Glassdoor says its Economic Research study suggests that Britain offers a below average standard of living compared to other countries in Europe, with middling wages and high costs.  

The report, titled “Which Countries in Europe Offer The Best Standard of Living?”, conducted in cooperation with Llewellyn Consulting, finds that when ranked in order, the countries offering the highest standard of living are Switzerland, Denmark and Germany. The UK appears way down the list, but ahead of nations such as France, Spain, Italy and Portugal. The study presents an analysis of how wages differ across Europe and identifies countries in which the cost of living is the most (and the least) favourable. The analysis covers 18 countries and tracks how these European markets compare to the United States, which is used as a benchmark.

Glassdoor’s chief economist, Dr. Andrew Chamberlain, commented, “When it comes to compensation, a larger pay packet isn’t always better. What matters is the ability to afford useful things that enrich our lives.

“Average wages vary considerably from one country to another but the gap between take-home pay and price levels has more relevance to the man on the street. A low cost of living, as you would find in Greece and Portugal, doesn’t count for much if average wages and purchasing power are similarly low.”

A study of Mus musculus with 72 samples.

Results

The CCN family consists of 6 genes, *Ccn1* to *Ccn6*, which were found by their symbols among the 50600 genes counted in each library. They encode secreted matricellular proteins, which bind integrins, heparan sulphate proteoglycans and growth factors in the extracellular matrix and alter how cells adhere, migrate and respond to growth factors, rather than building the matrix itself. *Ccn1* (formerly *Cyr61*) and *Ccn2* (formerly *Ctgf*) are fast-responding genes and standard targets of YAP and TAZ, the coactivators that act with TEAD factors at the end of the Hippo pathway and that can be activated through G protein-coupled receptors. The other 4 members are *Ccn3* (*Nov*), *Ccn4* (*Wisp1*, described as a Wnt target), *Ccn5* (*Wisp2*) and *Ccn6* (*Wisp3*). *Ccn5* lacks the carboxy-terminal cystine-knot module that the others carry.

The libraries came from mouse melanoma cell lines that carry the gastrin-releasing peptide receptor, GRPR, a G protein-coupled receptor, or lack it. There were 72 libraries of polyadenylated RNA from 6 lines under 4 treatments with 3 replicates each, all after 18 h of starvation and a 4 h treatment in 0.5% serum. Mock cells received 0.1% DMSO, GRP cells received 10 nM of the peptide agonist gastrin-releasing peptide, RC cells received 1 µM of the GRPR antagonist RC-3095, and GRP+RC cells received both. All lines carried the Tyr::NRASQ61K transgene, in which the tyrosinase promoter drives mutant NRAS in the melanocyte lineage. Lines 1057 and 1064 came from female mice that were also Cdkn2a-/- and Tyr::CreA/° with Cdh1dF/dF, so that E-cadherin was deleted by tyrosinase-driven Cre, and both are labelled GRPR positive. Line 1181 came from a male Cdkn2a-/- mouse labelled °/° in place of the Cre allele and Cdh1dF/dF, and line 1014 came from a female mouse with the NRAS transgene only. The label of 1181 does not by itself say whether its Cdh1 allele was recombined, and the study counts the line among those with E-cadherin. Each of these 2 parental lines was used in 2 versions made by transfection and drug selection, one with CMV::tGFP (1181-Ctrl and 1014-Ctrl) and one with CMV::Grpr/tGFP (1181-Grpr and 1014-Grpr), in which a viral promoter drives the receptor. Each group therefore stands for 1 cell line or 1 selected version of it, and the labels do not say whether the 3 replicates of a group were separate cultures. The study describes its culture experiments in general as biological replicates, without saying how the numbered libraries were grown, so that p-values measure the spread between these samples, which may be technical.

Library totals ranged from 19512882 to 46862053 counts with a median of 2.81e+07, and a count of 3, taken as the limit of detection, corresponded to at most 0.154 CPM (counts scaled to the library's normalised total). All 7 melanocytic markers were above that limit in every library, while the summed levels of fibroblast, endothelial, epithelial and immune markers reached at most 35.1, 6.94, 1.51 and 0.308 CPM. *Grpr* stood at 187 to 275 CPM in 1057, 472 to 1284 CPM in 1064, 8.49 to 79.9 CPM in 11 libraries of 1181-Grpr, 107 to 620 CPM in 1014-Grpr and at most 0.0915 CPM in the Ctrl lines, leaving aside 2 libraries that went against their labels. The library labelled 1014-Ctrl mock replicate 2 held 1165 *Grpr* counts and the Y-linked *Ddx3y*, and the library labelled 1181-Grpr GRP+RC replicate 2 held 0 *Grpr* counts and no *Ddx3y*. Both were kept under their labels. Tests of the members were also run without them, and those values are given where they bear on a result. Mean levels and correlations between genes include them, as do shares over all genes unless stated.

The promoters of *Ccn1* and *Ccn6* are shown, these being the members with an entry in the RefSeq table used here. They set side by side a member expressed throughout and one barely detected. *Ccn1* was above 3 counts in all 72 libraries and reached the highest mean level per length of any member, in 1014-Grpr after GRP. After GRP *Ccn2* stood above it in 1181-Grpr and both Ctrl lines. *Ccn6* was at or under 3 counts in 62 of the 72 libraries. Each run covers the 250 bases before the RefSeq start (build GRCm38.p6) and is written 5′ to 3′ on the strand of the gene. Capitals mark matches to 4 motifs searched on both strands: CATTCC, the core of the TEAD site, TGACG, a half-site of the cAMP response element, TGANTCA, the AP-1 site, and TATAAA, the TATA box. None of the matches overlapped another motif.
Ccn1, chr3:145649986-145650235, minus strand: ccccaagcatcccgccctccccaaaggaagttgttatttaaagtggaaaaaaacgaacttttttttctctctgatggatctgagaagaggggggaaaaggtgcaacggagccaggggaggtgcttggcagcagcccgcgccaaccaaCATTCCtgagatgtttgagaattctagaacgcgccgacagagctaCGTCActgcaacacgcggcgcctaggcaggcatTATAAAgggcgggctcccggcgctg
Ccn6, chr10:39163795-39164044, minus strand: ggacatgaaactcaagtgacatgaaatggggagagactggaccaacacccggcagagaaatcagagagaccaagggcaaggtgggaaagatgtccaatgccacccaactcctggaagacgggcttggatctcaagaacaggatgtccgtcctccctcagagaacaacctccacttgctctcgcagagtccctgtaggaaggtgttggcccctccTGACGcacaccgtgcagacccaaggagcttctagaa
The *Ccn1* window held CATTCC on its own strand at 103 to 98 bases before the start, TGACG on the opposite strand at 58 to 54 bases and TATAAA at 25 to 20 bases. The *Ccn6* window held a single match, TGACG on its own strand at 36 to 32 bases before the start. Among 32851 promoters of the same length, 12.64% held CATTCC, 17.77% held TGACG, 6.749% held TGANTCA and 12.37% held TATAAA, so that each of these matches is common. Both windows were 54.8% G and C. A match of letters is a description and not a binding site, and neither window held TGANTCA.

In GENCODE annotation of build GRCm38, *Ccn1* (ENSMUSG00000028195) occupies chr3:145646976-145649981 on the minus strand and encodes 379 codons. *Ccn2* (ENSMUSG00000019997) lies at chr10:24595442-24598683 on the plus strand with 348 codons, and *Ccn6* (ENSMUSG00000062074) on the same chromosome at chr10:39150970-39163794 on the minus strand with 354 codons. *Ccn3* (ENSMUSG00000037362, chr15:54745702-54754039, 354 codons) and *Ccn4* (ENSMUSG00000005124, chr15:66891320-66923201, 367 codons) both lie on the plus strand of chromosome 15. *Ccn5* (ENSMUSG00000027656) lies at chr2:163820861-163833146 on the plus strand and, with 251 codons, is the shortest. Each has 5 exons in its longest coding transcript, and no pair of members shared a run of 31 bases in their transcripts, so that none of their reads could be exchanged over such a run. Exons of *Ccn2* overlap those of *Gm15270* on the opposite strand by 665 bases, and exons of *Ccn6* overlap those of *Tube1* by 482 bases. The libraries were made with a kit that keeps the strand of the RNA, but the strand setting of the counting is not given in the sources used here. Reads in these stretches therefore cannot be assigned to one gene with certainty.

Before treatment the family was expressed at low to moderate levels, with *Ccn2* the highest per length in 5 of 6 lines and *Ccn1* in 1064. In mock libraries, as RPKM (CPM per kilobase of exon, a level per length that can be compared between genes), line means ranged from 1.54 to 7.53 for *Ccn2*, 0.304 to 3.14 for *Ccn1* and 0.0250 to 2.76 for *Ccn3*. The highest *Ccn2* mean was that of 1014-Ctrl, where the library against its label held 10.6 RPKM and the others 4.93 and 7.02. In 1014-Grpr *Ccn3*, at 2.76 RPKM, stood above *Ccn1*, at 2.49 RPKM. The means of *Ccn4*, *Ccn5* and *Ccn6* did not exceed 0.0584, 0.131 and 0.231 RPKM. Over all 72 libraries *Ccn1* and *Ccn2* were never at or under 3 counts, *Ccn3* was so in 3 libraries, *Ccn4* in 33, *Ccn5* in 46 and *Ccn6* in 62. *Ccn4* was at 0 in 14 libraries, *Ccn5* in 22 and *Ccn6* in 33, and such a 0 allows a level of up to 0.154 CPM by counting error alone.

There is considerable disparity within Europe in terms of what people are paid and nominal wages in the highest paying country (Switzerland, €72,000) are around five times those of the lowest (Estonia, €13,000). Average wages in the UK, along with Belgium, Sweden, Finland, Austria, at around €41,000, are similar to those in the U.S.

One way of accounting for cross-country differences in prices, Glassdoor says, is to consider differences in price levels in major cities, against which New York City is taken as the benchmark. The cost of living is highest in Geneva and Zurich, which are the only two main European cities that are more expensive than NYC (by 3% and 1%, respectively). Next comes London, which has the highest rents in Europe, but nevertheless is around 7% cheaper than NYC. Cost of living is lowest in Tartu, Porto, Thessaloniki, Tallinn, Athens, and Lisbon, which are some 60% - 70% cheaper than NYC.

Taking together both the income (after income tax) and the price-level (including VAT) it is possible to derive a local purchasing-power-based standard of living, according to Glassdoor. This is (again) highest in Switzerland, followed by Denmark and Germany, despite the latter two countries not appearing in the top three for average wages on a “Purchasing Power Parity” (PPP) basis. This suggests that wages might not be the highest in either Denmark or Germany, but they go a relatively long way in terms of what you can buy with them. The UK comes tenth in Europe, yet is only just behind Germany in terms of average wages on a PPP basis, suggesting that take-home pay in Britain gets hit harder by high cost of living and tax than in Germany, Glassdoor says. The UK sits behind Ireland and Austria, but ahead of France, Belgium, Spain and Italy. Portugal Greece and Estonia come bottom of the table.